Mexico’s Supreme Court Says Early-Term Abortions Aren’t Criminal
(Bloomberg) -- Mexico’s Supreme Court on Tuesday unanimously declared that criminalizing early-term abortion is unconstitutional, a historic decision that loosens limits on the procedure in a region where few countries offer access without restriction.
The court was considering a provision in the state of Coahuila’s criminal code that punished women for all abortions before 12 weeks, threatening them with one to three years in prison, no matter the reason.
“No one gets pregnant, exercising their autonomy, so they can later get an abortion,” said Justice Margarita Rios Farjat. “In the name of life, women are penalized, for being ignorant, or promiscuous or for being ‘bad’ and not carrying the pregnancy to term in order to give the baby up for adoption.”
Mexico, a largely Catholic and socially conservative country of about 130 million people, is following Argentina, where elective abortion was declared legal late last year.
Mexico’s decision came days after the U.S. Supreme Court refused to block a law in neighboring Texas that bans abortions after six weeks and deputizes citizens to sue people who perform or aid in the procedure.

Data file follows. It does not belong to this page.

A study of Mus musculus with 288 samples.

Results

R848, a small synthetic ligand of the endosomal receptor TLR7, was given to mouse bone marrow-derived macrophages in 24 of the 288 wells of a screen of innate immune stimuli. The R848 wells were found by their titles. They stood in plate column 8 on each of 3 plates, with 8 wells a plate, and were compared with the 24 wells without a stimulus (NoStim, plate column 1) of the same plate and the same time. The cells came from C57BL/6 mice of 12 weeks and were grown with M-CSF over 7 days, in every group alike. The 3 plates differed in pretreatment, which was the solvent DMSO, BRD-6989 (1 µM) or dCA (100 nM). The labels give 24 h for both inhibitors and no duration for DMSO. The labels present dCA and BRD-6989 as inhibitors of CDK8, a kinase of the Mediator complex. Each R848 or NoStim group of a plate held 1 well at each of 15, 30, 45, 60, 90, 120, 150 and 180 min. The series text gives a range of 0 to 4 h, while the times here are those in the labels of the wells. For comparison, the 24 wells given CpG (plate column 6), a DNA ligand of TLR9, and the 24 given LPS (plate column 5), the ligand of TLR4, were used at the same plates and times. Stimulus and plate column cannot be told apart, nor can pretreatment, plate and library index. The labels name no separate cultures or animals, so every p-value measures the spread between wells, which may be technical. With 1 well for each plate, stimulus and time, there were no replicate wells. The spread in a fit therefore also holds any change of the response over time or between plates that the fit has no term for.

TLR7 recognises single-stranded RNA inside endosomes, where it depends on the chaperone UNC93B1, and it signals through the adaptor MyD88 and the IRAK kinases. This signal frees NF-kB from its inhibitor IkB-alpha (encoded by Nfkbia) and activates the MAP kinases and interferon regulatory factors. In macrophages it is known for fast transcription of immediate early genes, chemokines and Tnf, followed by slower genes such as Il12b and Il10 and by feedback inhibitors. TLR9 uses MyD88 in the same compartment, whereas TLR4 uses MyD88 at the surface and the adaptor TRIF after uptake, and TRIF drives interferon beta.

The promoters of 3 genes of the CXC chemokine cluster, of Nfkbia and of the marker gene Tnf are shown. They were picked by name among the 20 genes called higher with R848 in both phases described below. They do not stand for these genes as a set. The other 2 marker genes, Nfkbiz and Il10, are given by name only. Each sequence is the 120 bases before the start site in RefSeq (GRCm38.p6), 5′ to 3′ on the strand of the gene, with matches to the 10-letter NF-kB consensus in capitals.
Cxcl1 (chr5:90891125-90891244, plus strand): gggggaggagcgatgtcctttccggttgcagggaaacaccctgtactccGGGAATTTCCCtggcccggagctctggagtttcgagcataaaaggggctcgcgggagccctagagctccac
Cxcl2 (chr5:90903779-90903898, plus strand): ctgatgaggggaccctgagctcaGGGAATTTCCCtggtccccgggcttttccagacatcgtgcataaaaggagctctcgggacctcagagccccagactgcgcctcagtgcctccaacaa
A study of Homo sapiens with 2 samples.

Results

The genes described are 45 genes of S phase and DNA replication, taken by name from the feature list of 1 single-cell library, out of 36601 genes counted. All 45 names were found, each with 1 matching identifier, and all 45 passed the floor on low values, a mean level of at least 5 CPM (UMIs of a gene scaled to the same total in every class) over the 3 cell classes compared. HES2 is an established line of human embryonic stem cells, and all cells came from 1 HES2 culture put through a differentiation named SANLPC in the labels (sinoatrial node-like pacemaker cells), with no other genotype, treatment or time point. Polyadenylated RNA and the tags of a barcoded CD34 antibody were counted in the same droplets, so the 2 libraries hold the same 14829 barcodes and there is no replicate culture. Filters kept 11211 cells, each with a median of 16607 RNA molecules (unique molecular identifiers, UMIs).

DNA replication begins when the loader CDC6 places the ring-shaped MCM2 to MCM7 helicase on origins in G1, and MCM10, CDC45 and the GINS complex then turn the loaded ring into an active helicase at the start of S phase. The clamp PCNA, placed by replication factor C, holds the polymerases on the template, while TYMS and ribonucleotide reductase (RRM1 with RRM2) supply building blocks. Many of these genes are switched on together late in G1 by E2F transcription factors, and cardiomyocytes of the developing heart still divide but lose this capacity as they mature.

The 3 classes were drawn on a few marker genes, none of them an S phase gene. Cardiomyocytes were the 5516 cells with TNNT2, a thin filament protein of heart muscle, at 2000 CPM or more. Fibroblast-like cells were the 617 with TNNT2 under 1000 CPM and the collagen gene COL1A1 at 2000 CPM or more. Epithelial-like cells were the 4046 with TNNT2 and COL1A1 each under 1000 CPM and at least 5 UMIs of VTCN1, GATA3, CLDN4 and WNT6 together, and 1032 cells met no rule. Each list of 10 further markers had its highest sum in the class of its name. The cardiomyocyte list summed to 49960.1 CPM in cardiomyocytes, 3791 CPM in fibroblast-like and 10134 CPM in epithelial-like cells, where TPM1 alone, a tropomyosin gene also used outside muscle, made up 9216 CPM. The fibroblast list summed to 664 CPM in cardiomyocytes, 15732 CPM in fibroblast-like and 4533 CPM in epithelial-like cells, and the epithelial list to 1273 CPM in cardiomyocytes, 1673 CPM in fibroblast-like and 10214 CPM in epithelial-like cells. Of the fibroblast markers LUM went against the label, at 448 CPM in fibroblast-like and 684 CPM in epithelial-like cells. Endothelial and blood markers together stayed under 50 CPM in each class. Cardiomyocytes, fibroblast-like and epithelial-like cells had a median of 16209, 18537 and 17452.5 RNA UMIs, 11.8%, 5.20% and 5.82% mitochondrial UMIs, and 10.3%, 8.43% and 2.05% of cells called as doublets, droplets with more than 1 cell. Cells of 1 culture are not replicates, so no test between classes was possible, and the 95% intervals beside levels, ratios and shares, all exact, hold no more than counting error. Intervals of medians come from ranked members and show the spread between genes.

Mexico City and Oaxaca state are the only places where early-term abortion is completely decriminalized. Hidalgo and Veracruz states have also recently passed legislation but with certain restrictions.
The precedent set Tuesday will prevent courts all around the country from prosecuting women accused of voluntarily ending a pregnancy before three months of gestation.
“Today is a historic day for the rights of women and of pregnant people in Mexico,” said Arturo Zaldivar, president of the Supreme Court.
Amnesty International said in a tweet that “this important advance for human rights is also an achievement of different feminist movements, women and pregnant people.”
Across the region, only Argentina, Cuba and Uruguay allow voluntarily ending a pregnancy. In Chile, a court in 2017 decriminalized abortion under conditions of inviability, risk of loss of life and pregnancies resulting from rape. The latter two are also conditions under which abortions are allowed in Brazil, Bolivia and Panama.
The ruling adds to a list of striking Supreme Court decisions in recent years. In June, the justices lifted a ban against the recreational use of marijuana. In 2015, the court published an opinion ruling that it was unconstitutional to ban same-sex marriage.